Marketing is a critical component of every business, and the investment industry is no different. But an industry trusted with the management of individuals' life savings should be held to a higher standard.
To an extent, it is. Regulators occasionally inspect the marketing materials of portfolio managers and mutual fund sponsors. But some ads that play by the rules still stretch and spin the truth, or they mislead their target audience. I've tacked this issue before in August 2014 and in March 2010. Ads that have caught my eye more recently are more subtle.
Mutual fund performance advertisements are as old as the industry, and in the past, claims in ads were more liberal than they are today. Recently, I've noticed a few fund companies advertising performance for F-series units of their funds. Most that I've seen are in mainstream publications, aimed primarily at those outside of the investment industry. In my opinion, this is misleading.
F-series funds were launched around the year 2000 and were designed for fee-based advisors — those who charge a separate fee for advice rather than being paid by product commissions. They are available from financial advisors, which means paying annual fees on top of the product fees, reducing advertised performance.
So it's a little puzzling that fund companies are promoting F-series funds primarily to people who can't access them without extra annual fees (i.e. clients of fee-based advisors). A handful of discount investment dealers have offered F-series directly to investors since the early 2000s, but all but one of those offers are gone.
Discount broker Questrade offers clients access to F-series funds for a small per-trade cost, but they don't advertise it. Relatively few people know this service exists including some fund companies whose F-series funds are listed with Questrade. Accordingly, the vast majority of F-series investments are made by investors paying additional annual percentage fees to access these funds.
One recent ad for an equity fund's F-series units showed an average annual compound return of 11 per cent for the five years through March 31, 2016, but the vast majority of those who purchased this fund five years ago (or today for that matter) had to pay an advisor separately for advice to access it. This separate fee is typically 1 per cent plus the GST/HST of the value of the investment — on top of the F-series fund management expense ratio — so the effective return enjoyed by most clients would have been closer to 9.8 per cent per year.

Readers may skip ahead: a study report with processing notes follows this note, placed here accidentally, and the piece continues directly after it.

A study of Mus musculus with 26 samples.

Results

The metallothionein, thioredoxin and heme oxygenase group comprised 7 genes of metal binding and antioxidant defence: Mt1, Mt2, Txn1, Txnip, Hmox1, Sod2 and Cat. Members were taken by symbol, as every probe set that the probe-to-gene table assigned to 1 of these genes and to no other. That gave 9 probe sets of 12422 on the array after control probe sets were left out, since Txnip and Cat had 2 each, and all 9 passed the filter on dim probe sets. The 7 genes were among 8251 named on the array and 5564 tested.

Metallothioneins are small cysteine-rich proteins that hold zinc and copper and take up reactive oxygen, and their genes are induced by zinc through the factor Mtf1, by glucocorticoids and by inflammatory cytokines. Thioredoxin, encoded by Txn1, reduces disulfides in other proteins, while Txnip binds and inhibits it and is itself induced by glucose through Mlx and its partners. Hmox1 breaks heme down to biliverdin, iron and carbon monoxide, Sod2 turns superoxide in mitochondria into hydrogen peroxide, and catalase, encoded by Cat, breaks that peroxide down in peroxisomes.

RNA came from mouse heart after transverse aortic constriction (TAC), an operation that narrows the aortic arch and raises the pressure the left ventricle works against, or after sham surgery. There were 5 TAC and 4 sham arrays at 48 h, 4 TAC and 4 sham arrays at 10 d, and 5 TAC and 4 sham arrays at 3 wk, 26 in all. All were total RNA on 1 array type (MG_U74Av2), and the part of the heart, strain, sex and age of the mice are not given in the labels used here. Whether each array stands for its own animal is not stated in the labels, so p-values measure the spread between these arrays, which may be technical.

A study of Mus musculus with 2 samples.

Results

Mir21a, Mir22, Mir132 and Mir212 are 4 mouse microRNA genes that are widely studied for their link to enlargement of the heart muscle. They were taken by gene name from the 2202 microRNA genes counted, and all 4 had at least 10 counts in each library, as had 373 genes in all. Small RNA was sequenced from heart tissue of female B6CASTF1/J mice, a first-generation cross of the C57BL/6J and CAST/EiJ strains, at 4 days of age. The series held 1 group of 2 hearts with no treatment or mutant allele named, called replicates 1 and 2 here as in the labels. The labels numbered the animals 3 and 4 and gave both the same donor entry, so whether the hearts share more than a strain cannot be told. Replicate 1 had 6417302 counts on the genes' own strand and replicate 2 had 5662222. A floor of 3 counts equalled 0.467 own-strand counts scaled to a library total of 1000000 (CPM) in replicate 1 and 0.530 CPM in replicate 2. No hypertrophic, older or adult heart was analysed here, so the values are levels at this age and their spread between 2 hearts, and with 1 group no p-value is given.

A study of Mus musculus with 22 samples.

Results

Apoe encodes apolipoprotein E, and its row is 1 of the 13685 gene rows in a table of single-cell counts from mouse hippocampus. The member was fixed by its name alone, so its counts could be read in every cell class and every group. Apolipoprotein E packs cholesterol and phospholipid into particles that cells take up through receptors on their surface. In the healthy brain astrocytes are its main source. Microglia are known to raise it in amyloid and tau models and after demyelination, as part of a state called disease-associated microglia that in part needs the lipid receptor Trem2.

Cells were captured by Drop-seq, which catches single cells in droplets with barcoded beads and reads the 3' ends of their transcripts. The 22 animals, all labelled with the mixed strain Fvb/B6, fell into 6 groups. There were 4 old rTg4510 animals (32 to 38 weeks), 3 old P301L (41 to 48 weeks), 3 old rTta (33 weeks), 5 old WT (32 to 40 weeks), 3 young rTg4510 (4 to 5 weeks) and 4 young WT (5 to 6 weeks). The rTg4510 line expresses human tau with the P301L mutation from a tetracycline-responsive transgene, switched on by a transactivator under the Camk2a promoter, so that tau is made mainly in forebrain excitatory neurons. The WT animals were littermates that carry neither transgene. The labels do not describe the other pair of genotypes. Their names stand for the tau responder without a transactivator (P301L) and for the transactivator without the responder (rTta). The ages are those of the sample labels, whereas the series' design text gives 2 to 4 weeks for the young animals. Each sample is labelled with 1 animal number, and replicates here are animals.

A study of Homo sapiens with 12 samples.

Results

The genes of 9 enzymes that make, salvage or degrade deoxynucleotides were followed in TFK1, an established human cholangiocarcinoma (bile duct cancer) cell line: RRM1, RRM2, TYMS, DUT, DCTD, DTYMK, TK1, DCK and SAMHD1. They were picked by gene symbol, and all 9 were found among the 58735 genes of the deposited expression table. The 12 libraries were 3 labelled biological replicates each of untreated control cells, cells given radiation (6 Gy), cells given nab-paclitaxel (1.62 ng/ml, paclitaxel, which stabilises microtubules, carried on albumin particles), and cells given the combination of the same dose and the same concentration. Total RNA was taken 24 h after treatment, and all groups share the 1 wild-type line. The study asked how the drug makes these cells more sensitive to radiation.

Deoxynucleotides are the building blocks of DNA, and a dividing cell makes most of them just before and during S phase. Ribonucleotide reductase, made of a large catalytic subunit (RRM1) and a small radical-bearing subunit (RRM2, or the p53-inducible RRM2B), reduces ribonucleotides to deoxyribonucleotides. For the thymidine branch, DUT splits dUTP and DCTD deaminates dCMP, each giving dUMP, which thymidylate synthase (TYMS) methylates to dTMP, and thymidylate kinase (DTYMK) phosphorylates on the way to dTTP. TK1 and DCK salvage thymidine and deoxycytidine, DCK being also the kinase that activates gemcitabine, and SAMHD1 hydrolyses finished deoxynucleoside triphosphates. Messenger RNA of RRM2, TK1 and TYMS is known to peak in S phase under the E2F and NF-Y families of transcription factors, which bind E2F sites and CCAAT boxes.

That's solid performance, but it's not what's advertised. To add insult to injury, the fine print under this ad is the standard mutual fund disclaimer, nothing specific to F-series funds and the fees that normally apply.
The industry says that promoting F-series is the new standard because it isolates the performance that fund managers achieve. The industry also points out that F-series funds are most comparable to ETFs. In theory, this is true, but with one important difference.
Anybody who sees an ETF advertisement can buy the exact ETF being advertised with nothing more than a nominal trading cost from any brokerage account and no extra annual fees. Not so with F-series funds, save for the one small broker that doesn't promote F-series access.
It may be the new normal, but I still think it's misleading to promote fund performance that is unavailable in most investment accounts. Regulators are likely to scrutinize F-series fund ads and associated disclaimers in future rounds of marketing reviews. These ads need to clarify the additional costs that are typically incurred to invest in these products. And it would make more sense to show A- and F- series together in ads. As investment fiduciaries, fund companies should be held to a higher standard than what I'm seeing in these ads.
Dan Hallett, CFA, CFP is a principal with Oakville-Ont.-based HighView Financial Group, which acts as an outsourced chief investment officer for wealthy families and foundations. He also contributes to The Wealth Steward blog.